11 insurers must refund $114M for overcharging premiums

Eleven insurance companies operating in New York--including Aetna, UnitedHealth, and WellPoint--must refund a total of $114.5 million to policyholders who were overcharged for health insurance premiums last year.

Insurers are required under state law to maintain an 82 percent medical-loss ratio (MLR); otherwise, they must refund the difference to members for charging too much for their health insurance. All refunds must be issued by Dec. 15, Bloomberg notes.

Gov. Andrew Cuomo ordered the refunds, saying they "should serve as a message to companies that we are watching, and we will not tolerate any action that wrongly hurts the finances of the people of New York," according to a Nov. 9 statement.

But the insurers involved have a different opinion of the situation. They allege the refunds represent reimbursements on 2010 rates, which were filed in 2009 before the state passed its Prior Approval law and implemented its higher 82 percent MLR standard.

"If the law had not been applied retroactively, we would have had the opportunity to price our business appropriately," Aetna spokeswoman Cynthia Michener told The Hartford Courant.

Similarly, HealthNow said applying the law retroactively violates due process, so it asked the New York state Supreme Court for a declaratory judgment, according to Buffalo Business First. "We believe a change in the law that increased the MLR retroactively to our company's 2009 filing for 2010 rates will cause a significant reduction of HealthNow's financial reserves and prudent fiduciary plan, ultimately impacting current and future customers' rates," said Julie Snyder, HealthNow's director for corporate relations.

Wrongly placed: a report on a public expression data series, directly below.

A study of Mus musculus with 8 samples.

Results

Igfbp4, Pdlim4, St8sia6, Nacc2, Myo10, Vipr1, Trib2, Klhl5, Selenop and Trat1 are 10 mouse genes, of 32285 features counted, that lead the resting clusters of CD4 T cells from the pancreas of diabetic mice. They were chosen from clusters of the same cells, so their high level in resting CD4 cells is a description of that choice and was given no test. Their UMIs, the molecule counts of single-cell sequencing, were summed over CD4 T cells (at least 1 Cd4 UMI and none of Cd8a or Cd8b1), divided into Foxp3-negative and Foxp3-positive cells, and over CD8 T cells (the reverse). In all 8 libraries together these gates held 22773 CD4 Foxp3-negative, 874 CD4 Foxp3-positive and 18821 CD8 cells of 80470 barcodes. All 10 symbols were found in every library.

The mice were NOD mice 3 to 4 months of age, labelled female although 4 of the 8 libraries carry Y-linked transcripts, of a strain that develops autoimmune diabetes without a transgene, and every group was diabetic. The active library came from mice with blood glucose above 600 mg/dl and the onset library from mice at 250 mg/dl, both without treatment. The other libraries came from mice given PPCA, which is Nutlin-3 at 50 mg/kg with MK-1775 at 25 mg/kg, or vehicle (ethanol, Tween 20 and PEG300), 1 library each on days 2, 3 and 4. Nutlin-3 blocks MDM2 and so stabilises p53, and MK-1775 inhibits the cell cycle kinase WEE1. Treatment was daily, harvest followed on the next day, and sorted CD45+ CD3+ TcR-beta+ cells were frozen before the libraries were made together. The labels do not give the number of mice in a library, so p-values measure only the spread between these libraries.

The New York Health Plan Association supports the insurers' objections. "In applying the higher MLR standard retrospectively, the Department of Financial Services changed the rules in the middle of the game," said Leslie Moran, the association's senior vice president. "DFS wrongly characterizes this as overcharging. DFS also continues to overlook the real factors of New York's higher premiums, which are higher than national costs as well as the taxes imposed on health insurance."

The list of insurers, according to Cuomo's statement, includes:

Health Payer
Total Refund
 Empire  $61,080,867
 Excellus  $21,426,603
 Aetna Health  $11,495,614
 Health Net of New York  $5,052,467
 Oxford Health Insurance Co.  $4,838,675
 HealthNow  $4,492,327
 GHI  $4,168,935
 MVP Health Plan  $1,319,640
 CDPHP Health Plan  $487,768
 HIP Health Plan of Greater New York  $182,194
 ConnectiCare of NY  $15,462

To learn more:
- check out the Bloomberg article
- see the Buffalo Business First article
- read The Hartford Courant article
- read Gov. Andrew Cuomo's press statement

Suggested Articles

CMS released a raft of regulatory changes to help hospitals and health systems tackle the surge of COVID-19 cases.

Startup Olive has closed a $51 million funding round to scale its AI-enabled robotic process automation solution.

Blue Cross and Blue Shield of North Carolina has named Anthem executive Tunde Sotunde, M.D., as its new chief executive officer.